Name: John Banister
Qualified: Non-lawyer (previously worked: Royal Navy, Merrill Lynch, Linklaters, KPMG (KLegal))
What’s your most vivid memory from being a trainee?
Being a non-lawyer there is no trainee anecdote; however, one of my early, most vivid memories of a work situation that played a key role in my personal development relates to my time in the Royal Navy. My first posting after Dartmouth College was being put in charge of the Senior Rates leadership training course – at 22 being told to provide leadership training to men and women who had been in the forces for as long as I had been born. If you forgive the pun it was a genuine “sink or swim moment”.
Fortunately it went well for me and taught me a number of life lessons, amongst them: leadership isn’t about telling people what to do, it is about showing and sharing, and about being able to take advice and use the knowledge and experience of the people around you; developing strong, positive, relationships with people helps a difficult task become achievable; work should be fun and rewarding; anything is possible!
What is the wisest thing anyone ever said to you (and who said it)?
I think two things – the first you may not wish to publish, and the second I aim to work on ever day:
- Investment Banker on hearing I was going to work in a law firm – “It may be herding cats, but at least they are pussy cats!”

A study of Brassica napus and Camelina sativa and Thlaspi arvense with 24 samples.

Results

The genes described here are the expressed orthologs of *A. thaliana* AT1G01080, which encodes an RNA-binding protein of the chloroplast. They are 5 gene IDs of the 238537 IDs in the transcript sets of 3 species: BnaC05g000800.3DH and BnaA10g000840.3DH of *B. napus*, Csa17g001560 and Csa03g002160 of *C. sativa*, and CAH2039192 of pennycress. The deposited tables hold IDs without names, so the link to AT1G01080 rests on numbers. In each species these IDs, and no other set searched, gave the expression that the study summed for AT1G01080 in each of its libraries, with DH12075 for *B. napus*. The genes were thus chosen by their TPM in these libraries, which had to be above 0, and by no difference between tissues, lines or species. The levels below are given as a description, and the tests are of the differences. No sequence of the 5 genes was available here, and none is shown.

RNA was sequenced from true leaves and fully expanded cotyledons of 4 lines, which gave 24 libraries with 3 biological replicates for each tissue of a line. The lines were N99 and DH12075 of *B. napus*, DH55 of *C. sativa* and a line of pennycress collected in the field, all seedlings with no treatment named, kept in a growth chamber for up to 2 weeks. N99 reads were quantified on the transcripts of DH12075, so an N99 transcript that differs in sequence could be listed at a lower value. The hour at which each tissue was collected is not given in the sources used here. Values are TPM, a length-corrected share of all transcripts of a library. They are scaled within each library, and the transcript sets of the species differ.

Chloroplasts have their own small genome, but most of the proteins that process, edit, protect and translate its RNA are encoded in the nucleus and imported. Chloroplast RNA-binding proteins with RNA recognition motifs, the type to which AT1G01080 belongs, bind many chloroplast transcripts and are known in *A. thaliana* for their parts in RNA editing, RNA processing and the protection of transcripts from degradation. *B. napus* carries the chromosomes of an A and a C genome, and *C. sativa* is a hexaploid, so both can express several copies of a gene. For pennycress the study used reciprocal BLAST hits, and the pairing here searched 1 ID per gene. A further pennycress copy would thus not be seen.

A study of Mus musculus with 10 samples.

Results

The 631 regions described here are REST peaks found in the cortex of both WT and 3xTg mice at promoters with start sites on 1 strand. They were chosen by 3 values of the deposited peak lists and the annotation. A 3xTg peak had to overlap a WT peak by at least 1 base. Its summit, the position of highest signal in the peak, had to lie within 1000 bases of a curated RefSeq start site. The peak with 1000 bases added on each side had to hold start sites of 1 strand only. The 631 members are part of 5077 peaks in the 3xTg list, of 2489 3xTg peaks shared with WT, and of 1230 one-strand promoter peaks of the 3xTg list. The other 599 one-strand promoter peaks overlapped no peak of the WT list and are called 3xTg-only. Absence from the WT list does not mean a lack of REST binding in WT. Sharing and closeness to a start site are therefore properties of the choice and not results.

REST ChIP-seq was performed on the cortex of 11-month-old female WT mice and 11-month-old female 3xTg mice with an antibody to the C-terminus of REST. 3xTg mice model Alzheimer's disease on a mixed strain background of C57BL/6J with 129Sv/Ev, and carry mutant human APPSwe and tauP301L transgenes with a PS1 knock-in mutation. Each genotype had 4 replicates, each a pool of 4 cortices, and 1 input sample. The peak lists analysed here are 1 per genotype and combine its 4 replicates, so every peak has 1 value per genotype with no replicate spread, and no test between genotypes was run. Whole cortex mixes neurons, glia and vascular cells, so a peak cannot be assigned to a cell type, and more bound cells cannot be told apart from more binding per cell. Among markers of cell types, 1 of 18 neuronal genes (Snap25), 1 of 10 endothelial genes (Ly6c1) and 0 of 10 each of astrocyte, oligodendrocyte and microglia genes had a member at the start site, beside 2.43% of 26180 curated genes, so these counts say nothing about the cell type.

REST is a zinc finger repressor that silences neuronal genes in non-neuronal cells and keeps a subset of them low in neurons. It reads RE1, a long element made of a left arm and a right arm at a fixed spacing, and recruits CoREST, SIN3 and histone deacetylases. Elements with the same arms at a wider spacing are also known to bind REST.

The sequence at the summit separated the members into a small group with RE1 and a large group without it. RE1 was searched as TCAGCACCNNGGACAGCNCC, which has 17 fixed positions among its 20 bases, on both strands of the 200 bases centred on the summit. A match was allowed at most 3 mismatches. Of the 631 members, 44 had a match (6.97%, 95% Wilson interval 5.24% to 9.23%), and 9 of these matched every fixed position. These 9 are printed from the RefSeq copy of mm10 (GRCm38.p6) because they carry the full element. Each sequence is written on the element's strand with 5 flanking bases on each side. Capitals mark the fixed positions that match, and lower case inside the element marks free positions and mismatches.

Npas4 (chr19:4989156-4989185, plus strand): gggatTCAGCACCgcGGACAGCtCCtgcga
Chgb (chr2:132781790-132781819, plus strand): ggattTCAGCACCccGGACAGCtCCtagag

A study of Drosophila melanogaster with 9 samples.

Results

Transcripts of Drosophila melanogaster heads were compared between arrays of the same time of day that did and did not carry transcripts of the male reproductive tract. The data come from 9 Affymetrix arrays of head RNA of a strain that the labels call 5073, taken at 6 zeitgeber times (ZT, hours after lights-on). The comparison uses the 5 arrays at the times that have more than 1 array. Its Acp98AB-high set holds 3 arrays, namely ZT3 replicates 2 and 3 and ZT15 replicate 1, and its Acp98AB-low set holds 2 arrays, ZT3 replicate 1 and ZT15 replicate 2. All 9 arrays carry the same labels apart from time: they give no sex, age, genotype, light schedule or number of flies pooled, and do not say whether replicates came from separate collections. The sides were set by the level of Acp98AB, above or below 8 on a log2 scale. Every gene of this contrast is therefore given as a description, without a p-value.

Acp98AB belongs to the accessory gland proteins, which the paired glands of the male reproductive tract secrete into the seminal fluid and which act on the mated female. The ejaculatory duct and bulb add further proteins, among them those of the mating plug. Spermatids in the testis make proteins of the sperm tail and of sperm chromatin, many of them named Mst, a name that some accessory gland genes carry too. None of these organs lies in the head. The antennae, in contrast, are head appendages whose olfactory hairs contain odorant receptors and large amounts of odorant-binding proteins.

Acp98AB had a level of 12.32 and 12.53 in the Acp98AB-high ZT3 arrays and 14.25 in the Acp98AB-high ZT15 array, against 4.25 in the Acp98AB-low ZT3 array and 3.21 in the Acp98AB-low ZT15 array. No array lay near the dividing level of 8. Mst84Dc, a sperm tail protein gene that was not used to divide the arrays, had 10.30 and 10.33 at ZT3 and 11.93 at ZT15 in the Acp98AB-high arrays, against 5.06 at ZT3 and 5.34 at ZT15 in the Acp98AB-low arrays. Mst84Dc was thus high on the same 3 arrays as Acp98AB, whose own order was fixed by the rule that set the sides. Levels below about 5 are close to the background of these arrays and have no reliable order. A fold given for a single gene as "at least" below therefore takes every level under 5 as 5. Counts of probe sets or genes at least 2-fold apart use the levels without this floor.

- Numerous people – “Try not to take things too personally!”
Who (for better or worse) has been the most influential person in your career? Why?
Probably Eloise Reddy who was my boss at Merrill Lynch. Eloise supported my development from Armed Forces background into the world of professional services management. She was a “tough cookie” but absolutely focused on excellence of service delivery and taught me the importance of the need for professional managers in the professional services environment – among other things, not allowing strong personalities to dominate business decision making, ensuring that the quality of support delivered matches the client facing excellence and providing expertise in the business of being a business.
What advice would you give to someone who wants to get to where you are/do the job you do?
I think it probably boils down to just 3 things: Roll up the sleeves and get things done and demonstrate your value; apply common sense to business decision making but allow room for a little creativity; and build relationships with people at all levels of responsibility.
What’s your best friend from law school doing now?
Again, not law school, but from my MBA – best friend running an advertising agency – so far removed from the world of law, but I guess demonstrates why I did an MBA – to learn from others with expertise and knowledge from a myriad of different sectors and industries.